Spring migration means a busy time for birders

The end of April’s Celebration of Swans at Marsh Lake comes at a good time. That’s because at least a hundred other bird species are now arriving as part of the long-awaited spring migration.

This year, the Yukon Bird Club is offering free guided field trips in Whitehorse and 10 other locations to help both visitors and residents get a closer view of Yukon’s exceptional diversity of birds and their habitats.

Yukon has a total of 284 recorded species, with 187 species nesting here.

Trip leaders are skilled volunteers, and passionate birders personally and often professionally. They easily share their knowledge and tips with beginners as well as twitchers looking to add to a birding life list.

Binoculars and a scope are provided to help you get close-up views.

Song-birds, waterfowl and shorebirds are some varieties you can see on visits to popular spots like Paddy’s Pond, in Hillcrest, the Millennium Trail and the awesome urban wetland on Quartz Road, across from Walmart.

If you want to rise early, you can also attend a morning birdsong workshop at McIntyre Creek to listen to the season’s memorable dawn chorus. There’s a separate outing to check out bird life along the Fish Lake Road.

Judas Creek and the Yukon Game Preserve (a small entrance fee is charged here) are other great trip destainations. And you don’t always need a vehicle. Car-pooling is encouraged from central meeting points.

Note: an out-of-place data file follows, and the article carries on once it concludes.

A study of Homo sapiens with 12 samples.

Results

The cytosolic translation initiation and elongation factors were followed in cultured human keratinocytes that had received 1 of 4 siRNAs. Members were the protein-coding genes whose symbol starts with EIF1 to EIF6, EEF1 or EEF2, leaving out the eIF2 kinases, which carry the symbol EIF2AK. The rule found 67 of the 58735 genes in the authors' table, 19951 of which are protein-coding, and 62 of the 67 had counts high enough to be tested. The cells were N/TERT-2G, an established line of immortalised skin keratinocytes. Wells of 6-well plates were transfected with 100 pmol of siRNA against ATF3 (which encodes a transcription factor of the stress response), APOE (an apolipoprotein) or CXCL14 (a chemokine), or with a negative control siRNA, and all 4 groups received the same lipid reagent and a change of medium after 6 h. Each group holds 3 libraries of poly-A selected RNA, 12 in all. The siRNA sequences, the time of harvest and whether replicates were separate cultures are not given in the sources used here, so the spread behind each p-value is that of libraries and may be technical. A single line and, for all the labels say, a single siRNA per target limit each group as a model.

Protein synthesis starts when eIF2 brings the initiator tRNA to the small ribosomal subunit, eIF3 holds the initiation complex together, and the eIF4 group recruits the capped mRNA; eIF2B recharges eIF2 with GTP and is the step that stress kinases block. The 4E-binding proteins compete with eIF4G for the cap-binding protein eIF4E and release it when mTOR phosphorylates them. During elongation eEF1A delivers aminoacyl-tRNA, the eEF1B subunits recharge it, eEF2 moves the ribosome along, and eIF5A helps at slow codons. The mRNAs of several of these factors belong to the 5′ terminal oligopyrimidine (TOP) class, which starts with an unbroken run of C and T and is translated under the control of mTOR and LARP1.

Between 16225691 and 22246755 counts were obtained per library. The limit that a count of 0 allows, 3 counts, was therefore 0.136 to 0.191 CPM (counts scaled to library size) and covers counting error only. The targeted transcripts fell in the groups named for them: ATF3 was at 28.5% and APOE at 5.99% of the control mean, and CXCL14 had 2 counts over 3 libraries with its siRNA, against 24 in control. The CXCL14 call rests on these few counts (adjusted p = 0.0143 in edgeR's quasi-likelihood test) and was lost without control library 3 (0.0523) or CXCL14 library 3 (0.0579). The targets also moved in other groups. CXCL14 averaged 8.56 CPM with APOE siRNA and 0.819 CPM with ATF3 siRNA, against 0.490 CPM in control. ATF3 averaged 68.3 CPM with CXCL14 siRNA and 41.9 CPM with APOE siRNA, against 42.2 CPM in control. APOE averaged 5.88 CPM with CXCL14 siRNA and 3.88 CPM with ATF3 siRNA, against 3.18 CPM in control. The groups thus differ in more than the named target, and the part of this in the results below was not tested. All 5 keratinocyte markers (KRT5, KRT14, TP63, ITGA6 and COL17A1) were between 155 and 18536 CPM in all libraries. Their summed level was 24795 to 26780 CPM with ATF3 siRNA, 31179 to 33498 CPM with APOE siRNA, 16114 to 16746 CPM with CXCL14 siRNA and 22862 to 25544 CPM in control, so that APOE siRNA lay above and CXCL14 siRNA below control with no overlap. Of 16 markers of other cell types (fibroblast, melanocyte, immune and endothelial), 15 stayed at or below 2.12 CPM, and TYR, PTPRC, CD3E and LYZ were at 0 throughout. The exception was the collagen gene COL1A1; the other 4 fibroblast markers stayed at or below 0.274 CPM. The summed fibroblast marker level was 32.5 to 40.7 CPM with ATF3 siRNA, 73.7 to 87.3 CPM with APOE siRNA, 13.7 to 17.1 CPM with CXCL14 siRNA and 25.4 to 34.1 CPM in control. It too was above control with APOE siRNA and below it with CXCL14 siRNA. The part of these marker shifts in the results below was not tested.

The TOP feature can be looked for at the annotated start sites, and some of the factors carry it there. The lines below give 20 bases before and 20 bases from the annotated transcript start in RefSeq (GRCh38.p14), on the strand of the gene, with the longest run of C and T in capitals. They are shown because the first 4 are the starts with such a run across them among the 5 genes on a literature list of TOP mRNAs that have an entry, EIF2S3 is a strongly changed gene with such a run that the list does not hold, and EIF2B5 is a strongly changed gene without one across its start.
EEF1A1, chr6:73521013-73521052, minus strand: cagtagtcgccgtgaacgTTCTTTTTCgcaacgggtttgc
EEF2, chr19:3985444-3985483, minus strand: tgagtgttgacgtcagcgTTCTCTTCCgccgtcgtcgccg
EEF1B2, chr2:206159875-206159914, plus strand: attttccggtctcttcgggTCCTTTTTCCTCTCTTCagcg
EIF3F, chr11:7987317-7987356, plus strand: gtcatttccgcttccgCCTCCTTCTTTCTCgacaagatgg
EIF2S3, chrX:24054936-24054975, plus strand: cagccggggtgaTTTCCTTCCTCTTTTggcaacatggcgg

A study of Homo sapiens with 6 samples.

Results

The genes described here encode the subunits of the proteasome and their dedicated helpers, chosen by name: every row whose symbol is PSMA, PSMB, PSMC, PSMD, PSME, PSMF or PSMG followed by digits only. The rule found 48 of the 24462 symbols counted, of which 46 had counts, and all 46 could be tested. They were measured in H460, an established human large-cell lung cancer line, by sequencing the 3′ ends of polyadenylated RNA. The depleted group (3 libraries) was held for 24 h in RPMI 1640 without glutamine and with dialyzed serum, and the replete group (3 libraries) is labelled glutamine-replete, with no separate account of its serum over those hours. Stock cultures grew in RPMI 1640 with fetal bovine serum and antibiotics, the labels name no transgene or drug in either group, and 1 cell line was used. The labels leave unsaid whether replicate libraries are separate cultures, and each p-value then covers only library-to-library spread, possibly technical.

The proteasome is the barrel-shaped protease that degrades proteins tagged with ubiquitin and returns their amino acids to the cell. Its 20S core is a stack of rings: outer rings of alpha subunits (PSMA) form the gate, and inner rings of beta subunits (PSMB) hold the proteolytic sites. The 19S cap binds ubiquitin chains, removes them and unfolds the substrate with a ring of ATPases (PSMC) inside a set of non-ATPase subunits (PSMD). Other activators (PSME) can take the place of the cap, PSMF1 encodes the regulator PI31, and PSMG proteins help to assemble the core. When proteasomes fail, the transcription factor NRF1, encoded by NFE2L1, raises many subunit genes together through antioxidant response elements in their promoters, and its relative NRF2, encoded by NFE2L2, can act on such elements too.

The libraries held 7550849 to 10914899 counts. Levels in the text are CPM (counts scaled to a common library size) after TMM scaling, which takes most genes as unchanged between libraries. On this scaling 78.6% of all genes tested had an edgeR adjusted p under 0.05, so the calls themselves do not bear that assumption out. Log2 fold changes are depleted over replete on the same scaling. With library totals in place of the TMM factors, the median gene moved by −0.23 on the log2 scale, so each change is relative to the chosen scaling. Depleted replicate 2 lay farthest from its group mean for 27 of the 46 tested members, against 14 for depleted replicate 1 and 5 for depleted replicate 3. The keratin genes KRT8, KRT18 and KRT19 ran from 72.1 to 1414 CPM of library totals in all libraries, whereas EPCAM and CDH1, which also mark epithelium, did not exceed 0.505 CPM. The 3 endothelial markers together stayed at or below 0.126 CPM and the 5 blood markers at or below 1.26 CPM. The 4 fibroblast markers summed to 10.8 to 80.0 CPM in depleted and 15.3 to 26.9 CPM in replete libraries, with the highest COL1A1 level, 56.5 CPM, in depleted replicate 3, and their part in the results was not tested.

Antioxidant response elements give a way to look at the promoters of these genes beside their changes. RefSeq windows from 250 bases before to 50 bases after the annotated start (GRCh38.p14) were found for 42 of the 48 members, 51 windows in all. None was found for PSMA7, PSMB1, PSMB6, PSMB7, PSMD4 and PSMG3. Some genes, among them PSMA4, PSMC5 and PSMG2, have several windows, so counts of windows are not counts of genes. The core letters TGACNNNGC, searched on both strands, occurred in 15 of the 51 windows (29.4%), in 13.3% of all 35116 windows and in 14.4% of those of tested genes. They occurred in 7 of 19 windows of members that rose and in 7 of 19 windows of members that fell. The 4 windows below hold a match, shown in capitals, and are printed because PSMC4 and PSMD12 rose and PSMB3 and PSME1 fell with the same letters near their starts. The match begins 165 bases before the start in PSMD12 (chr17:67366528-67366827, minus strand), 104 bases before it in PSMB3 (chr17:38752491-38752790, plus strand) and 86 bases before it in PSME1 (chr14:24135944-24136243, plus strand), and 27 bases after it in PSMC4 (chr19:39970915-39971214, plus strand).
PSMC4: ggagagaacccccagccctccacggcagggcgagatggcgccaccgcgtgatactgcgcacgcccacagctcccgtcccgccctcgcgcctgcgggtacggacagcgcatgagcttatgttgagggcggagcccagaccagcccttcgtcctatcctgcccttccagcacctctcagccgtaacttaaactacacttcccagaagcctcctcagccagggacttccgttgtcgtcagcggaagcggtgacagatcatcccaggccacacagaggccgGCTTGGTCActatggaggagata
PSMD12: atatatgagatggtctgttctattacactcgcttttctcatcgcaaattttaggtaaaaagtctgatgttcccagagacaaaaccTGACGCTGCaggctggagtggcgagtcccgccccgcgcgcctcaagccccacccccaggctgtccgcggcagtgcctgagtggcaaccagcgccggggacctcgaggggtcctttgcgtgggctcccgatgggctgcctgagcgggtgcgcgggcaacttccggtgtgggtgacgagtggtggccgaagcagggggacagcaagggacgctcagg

Meanwhile, community birdwatching events are being held in Haines Junction, Dawson, Carmacks and Carcross. In Watson Lake, Susan Drury and Jenny Skelton will be helping to identify local waterbirds at Wye Lake.

New this year is an “under-30s” bird walk to the McIntyre Marsh led by three young birders, Shyloh van Delft, Nick Guenette and Adam Perrier.

“Skill level doesn’t matters as long as you have an interest in birds,” says van Delft, who has been birding for nine years. Guenette caught the birding bug at a banding station (observatory) at McIntyre Marsh, while Perrier is also active on on the Yukon birding scene.

The three will join other young and older birders as friendly competitors at the Yukon Bird Club’s birdathon May 30-31.

The annual fundraiser in support of bird conservation co-incides with the peak of spring migration, and is an excellent way to explore Whitehorse trails, or your backyard.

“Birding gives you an opportunity to go outdoors on a regular basis, to experience new things and often unexpected close encounters with wildlife in different ways,” says van Delft.

“It really gives you the chance to build a personal connection to the outdoors and the area you live in.”

She says that searching for birds and finding ones she hasn’t seen before is “an adrenaline rush.”

The Yukon Bird Club‘s field trips run through summer to late fall. That’s when you might get a second chance to see many of the same spring migrants, and their young, as they return to winter grounds as far away as South America.